The 17-year-old striker has had many tributes and messages of support since coming out as gay.

By Alastair James

Jake Daniels has reflected on his coming journey, one year on (Image: Designed by Jack Pengelly)
Jake Daniels has reflected on his coming journey, one year on (Image: Designed by Jack Pengelly)

Words: Alastair James; pictures: Alamy

The school of the openly gay footballer, Jake Daniels, has paid a heartwarming tribute to their former student’s “inspirational bravery” in coming out.

On Monday (16 May) Daniels came out publicly as gay in an interview with Sky Sports. He said he was “confident and happy to be myself finally.”

Posting its response on Twitter on Monday evening Montgomery Academy in Bispham, North Blackpool praised the 17-year-old.

“We are exceptionally proud”

“We should not underestimate Jake’s courage to make such a statement and become only the second openly gay professional footballer,” the statement reads.

Daniels joins the Australian footballer, Josh Cavallo, as one of two openly gay male pro-footballers in the world. In a statement, Daniels said he had been inspired by Cavallo, who in turn has said he is proud of Daniels.

The Academy’s statement continues: “At Montgomery, we pride ourselves in celebrating our pupils’ diversity and aim to recognise and nurture their talents. We would like to congratulate Blackpool FC on the support that they have given Jake on this momentous day.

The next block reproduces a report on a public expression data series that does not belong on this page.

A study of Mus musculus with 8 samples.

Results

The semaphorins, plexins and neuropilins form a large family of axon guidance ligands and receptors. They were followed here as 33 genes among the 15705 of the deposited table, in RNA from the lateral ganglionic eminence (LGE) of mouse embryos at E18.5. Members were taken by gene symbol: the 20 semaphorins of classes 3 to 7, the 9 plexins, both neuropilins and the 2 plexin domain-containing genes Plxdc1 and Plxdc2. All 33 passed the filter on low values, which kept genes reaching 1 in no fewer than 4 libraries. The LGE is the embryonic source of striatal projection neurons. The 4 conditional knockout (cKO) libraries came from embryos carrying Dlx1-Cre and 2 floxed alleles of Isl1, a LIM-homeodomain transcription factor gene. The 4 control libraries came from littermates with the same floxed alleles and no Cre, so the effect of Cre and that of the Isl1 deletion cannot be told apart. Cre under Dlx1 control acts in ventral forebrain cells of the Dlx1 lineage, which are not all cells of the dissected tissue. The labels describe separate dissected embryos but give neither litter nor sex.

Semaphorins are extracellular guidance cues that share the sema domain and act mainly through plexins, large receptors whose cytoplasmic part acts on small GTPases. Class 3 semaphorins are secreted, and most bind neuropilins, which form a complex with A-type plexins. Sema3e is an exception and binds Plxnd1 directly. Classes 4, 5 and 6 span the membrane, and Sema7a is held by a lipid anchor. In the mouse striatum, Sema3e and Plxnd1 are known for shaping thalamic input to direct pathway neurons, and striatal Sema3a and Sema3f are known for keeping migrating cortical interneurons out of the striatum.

“Jake has had an outstanding year, scoring 30 goals for the youth team, making his first team debut and now leading the way for change in his profession. We are exceptionally proud to call him a member of the Montgomery Family and look forward to welcoming him back to inspire success in others,” it closes.

In his interview with Sky, Jake said he first realised he was gay around the age of five or six and that he thought things would change as he got older.

He also says he felt like he needed to hide his identity in order to become a professional footballer.

“Because there’s no one out it felt like I do need to hide it and wait until I’ve retired to come out but I just knew that was such a long time of lying and not being able to have what I want.”

He also says he wants to be a role model for others and to make a difference. He’s also aware of existing homophobia in the sport.

“I think that it is an easy thing for people to target. I am learning that, like, say I’m playing football on the field and they’re shouting stuff at me, you are paying to watch me play football and I am living my life and I’m making money from it. So shout what you want, it’s not going to make a difference.

“I can’t stop people from saying that stuff, but I just need to learn for it not to affect me.”

The Attitude May/June issue is out now.